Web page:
This month, CIVICUS published a new report on civil society responses to the pandemic. Its aim is to outline some of the many civil society responses to the pandemic, highlights its vital contributions, draws preliminary lessons and makes recommendations for states and other stakeholders to enable and work with civil society, both in pandemic response and recovery and in tackling the underlying issues that the crisis has exposed and deepened. For its elaboration, both surveys and interviews with specialists, leaders and participants of the third sector were carried out.
The advance of COVID-19 presented a new and alarming crisis for the whole world. As the pandemic spread, people expected their countries’ governments to take rapid decisions to protect the lives and livelihoods of the population. However, while much attention has fallen on the actions of states, there has been far less acknowledgement of the vital role played by civil society. Even in difficult conditions of restricted civic space, there was a rapid and vital civil society response. Civil society met needs, defended rights and forged new paths for civic action, even in spaces that States had left vacant. The CIVICUS report compiles the responses that civil society carried out around the world regarding both the satisfaction of basic needs, as well as other aspects, such as: sharing information; providing services remotely; monitoring and defending human rights; influencing and engaging with states; using the legal system; public campaigning; protesting under the pandemic; nurturing community leadership; and helping each other.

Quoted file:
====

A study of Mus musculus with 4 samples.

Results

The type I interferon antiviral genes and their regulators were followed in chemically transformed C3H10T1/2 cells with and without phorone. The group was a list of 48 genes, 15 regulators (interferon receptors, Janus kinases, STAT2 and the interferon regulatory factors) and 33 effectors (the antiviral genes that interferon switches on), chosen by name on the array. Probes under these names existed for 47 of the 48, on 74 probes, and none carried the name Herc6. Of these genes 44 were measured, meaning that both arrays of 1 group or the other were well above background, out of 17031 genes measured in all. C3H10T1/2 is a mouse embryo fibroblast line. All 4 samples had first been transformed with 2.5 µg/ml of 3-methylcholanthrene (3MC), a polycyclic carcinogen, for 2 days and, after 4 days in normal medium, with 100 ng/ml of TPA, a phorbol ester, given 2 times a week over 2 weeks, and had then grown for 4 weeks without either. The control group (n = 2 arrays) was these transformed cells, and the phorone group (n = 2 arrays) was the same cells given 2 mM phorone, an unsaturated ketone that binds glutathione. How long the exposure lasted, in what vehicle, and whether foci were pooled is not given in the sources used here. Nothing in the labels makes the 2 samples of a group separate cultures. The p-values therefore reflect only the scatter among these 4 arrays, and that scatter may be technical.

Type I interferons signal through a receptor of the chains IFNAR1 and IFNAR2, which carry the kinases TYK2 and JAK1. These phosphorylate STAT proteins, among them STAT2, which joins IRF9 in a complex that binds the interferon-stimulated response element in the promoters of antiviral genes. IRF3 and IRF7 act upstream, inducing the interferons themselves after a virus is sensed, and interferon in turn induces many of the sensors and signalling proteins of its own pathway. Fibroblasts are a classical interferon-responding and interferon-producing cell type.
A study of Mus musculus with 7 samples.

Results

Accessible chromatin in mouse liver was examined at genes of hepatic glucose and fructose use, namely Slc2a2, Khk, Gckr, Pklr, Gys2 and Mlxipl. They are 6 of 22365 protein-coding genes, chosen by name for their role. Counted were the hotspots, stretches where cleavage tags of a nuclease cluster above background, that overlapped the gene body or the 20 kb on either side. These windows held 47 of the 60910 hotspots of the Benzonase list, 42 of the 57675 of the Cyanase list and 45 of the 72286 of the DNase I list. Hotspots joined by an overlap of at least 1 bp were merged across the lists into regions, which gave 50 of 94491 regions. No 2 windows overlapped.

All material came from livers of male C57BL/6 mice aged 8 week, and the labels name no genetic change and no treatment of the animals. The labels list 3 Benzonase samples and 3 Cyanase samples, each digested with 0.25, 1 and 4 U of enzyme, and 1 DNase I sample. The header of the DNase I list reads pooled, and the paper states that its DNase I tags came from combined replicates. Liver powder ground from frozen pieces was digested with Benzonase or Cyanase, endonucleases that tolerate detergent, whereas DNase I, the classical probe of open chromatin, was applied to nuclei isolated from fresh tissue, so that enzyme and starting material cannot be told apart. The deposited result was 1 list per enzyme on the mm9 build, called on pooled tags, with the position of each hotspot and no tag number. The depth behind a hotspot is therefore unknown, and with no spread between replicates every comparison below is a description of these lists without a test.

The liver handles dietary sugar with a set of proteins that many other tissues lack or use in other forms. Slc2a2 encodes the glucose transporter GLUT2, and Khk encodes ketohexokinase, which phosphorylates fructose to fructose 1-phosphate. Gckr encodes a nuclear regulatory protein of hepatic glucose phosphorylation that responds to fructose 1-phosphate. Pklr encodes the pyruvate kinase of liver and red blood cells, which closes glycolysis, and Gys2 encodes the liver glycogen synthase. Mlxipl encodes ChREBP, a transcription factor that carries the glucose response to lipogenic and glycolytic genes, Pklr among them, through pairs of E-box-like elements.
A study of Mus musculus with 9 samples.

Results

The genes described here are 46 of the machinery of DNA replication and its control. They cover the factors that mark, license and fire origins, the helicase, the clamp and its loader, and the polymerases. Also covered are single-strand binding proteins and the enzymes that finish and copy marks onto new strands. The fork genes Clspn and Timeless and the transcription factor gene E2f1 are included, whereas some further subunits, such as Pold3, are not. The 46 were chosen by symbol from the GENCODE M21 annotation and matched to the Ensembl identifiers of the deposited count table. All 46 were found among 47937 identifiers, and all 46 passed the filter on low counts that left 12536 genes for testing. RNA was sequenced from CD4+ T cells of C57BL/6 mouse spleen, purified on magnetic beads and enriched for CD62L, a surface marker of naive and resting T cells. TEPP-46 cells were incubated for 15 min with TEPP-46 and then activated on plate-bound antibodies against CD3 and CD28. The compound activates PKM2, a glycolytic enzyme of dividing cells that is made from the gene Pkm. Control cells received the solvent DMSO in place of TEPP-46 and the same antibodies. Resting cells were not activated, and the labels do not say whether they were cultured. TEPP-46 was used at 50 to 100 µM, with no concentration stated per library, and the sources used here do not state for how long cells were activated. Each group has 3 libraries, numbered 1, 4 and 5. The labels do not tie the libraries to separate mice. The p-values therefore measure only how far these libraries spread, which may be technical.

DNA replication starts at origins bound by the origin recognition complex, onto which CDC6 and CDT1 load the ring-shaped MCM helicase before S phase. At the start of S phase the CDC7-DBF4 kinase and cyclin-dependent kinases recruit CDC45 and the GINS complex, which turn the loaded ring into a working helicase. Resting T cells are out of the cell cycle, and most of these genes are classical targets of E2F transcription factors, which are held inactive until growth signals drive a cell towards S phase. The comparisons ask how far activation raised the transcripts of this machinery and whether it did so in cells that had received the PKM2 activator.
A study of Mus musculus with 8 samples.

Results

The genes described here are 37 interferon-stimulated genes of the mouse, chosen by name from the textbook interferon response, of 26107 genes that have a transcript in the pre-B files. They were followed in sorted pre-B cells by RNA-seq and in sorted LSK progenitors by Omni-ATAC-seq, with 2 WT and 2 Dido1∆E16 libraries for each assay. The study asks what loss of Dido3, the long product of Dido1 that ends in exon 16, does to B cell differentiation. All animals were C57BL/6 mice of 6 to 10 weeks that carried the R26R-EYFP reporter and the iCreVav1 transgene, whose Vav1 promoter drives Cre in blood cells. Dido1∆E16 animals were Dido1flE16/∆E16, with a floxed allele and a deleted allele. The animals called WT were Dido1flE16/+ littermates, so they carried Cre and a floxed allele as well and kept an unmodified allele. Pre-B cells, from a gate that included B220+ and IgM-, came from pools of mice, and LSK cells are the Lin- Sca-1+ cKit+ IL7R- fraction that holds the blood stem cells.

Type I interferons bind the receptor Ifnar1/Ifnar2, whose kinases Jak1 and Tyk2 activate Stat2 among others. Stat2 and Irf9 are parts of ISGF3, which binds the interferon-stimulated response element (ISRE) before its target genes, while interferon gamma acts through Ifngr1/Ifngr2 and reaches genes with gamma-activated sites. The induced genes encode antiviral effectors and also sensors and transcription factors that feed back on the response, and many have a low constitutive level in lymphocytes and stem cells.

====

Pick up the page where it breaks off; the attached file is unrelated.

Finally, the report proposes ideas for the next steps to take for recovery and future resilience building. These recommendations are for civil society, States, donors, the media and international institutions.
In conclusion, the report seeks to generate greater recognition of the value of civil society to face emergency situations, both in the context of the current pandemic, as in any other crisis that may occur in the future, and encourages States to work to strengthen it and associate with it, across a diverse range of civil society forms and responses, in order to achieve a more joined-up and effective responses that are respectful to social rights.
To read the full report, visit https://www.civicus.org/index.php/covid-19.
Source: CIVICUS (2020), Solidarity in the Time of COVID-19. Civil society responses to the pandemic. https://www.civicus.org/documents/reports-and-publications/SOCS/2020/solidarity-in-the-time-of-covid-19_en.pdf.